Newly Restored “Under City Stone” Mural Unveiled
After 43 years, original artist returned to Hyde Park viaduct to enliven historic public art
Kim Grimshaw Bolton
Photographs by Greg Birman
When Caryl Yasko first mixed her paints on the wall beneath the viaduct at East 55th Street and Lake Park Avenue in 1972, she was at the forefront of the public art movement that began on Chicago’s South Side in the 1960s. Yasko returned to Hyde Park this summer to restore her mural “Under City Stone” and preserve a piece of history. The result of that work was presented to community members at a dedication ceremony on Wednesday, August 19, 2015.
“The restoration of Under City Stone is the latest example of the University’s deepening engagement in the arts, both on campus and in local communities, as a catalyst for community engagement,” said William Towns, Assistant Vice President for Neighborhood Initiatives for the University of Chicago, which funded Chicago Public Art Group to lead the project. Since 2008, the University has invested in the restoration of viaduct murals along Lake Park Avenue, as well as the mosaics in the underpass to 57th Street Beach.
Fifth Ward Ald. Leslie A. Hairston, who also spoke at the dedication, celebrated “Under City Stone” for depicting the “diversity and inclusion that are hallmarks of our community. This mural also embodies the spirit of collaboration that is in Hyde Park’s DNA.”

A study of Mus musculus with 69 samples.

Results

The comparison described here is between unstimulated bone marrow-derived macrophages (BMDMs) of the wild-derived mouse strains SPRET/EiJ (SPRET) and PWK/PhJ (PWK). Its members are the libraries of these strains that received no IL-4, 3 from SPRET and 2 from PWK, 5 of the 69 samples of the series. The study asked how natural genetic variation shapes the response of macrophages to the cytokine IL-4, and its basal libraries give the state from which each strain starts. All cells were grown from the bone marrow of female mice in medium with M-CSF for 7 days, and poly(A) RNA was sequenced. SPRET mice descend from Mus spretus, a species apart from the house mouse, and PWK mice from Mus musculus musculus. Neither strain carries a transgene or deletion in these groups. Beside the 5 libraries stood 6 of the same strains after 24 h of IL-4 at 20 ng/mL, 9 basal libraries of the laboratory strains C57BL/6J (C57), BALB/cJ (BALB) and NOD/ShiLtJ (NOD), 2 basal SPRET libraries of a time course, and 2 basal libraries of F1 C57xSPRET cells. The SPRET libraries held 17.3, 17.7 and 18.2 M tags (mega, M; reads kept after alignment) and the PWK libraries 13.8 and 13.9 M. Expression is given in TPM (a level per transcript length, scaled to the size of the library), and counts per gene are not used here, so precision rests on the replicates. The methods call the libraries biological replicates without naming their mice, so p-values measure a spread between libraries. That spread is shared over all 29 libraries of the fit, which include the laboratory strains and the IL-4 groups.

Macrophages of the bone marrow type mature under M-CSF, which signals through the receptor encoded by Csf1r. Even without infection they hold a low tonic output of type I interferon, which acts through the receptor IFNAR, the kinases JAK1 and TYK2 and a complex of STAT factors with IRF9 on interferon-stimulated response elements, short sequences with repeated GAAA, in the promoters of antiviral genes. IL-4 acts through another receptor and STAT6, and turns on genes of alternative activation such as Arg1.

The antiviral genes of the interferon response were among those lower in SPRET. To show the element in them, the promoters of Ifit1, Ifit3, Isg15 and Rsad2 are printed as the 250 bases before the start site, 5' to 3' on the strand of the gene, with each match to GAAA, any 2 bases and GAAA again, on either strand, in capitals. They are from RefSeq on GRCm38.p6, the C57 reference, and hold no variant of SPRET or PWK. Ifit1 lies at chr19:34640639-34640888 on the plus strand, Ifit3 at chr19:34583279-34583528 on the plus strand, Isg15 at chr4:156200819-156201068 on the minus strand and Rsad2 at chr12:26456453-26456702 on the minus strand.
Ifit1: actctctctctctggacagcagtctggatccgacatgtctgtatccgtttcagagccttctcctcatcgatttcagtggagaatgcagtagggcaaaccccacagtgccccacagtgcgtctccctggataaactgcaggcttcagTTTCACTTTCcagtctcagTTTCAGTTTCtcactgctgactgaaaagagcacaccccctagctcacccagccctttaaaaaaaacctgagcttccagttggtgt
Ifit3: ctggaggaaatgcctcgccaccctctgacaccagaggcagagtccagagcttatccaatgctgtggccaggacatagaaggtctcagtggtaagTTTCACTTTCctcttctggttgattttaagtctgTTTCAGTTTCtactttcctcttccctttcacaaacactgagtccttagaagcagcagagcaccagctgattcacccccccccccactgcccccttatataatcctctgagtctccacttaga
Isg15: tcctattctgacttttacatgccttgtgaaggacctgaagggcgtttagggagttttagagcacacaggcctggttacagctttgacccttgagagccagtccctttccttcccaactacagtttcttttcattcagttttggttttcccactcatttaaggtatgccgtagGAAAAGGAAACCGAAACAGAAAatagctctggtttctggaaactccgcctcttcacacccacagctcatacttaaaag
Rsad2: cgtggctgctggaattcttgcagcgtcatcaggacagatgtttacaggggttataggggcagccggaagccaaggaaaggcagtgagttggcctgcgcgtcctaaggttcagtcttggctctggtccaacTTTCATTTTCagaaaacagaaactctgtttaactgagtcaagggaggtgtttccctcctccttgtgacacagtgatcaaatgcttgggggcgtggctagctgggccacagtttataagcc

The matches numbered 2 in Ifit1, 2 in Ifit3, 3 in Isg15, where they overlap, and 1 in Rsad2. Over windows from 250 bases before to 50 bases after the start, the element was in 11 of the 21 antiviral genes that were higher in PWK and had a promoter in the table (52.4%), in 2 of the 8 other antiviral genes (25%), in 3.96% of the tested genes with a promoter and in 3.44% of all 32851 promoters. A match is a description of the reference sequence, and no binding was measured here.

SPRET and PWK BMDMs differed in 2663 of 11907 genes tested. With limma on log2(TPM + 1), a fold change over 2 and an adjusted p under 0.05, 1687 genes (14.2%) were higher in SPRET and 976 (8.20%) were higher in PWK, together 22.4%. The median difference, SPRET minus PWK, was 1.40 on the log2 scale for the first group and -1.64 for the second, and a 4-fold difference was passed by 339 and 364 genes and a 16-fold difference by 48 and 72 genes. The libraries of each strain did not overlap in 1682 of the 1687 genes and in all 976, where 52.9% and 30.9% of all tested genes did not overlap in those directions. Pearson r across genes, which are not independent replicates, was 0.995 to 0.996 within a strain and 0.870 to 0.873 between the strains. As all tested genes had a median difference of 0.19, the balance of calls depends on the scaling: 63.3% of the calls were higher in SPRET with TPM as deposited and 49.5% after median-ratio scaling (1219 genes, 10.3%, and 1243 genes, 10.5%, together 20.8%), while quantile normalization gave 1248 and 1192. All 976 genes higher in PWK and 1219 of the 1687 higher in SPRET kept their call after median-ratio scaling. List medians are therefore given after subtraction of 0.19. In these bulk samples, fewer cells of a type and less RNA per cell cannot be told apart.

When Yasko created the original version, she did so spontaneously on the street, inviting passersby to stop to pose and provide instant critiques. During the restoration, she once again invited community residents to participate, by sharing their opinions or picking up a brush to add a few strokes of paint.
In her remarks, Yasko acknowledged the people who helped her complete the restoration, particularly her assistant, Harrison Halaska, whom she directed from her hospital bed after breaking her hip in the early days of the project. Her team also included artists from the School of the Art Institute, local students, and community members.
Originally published on August 27, 2015.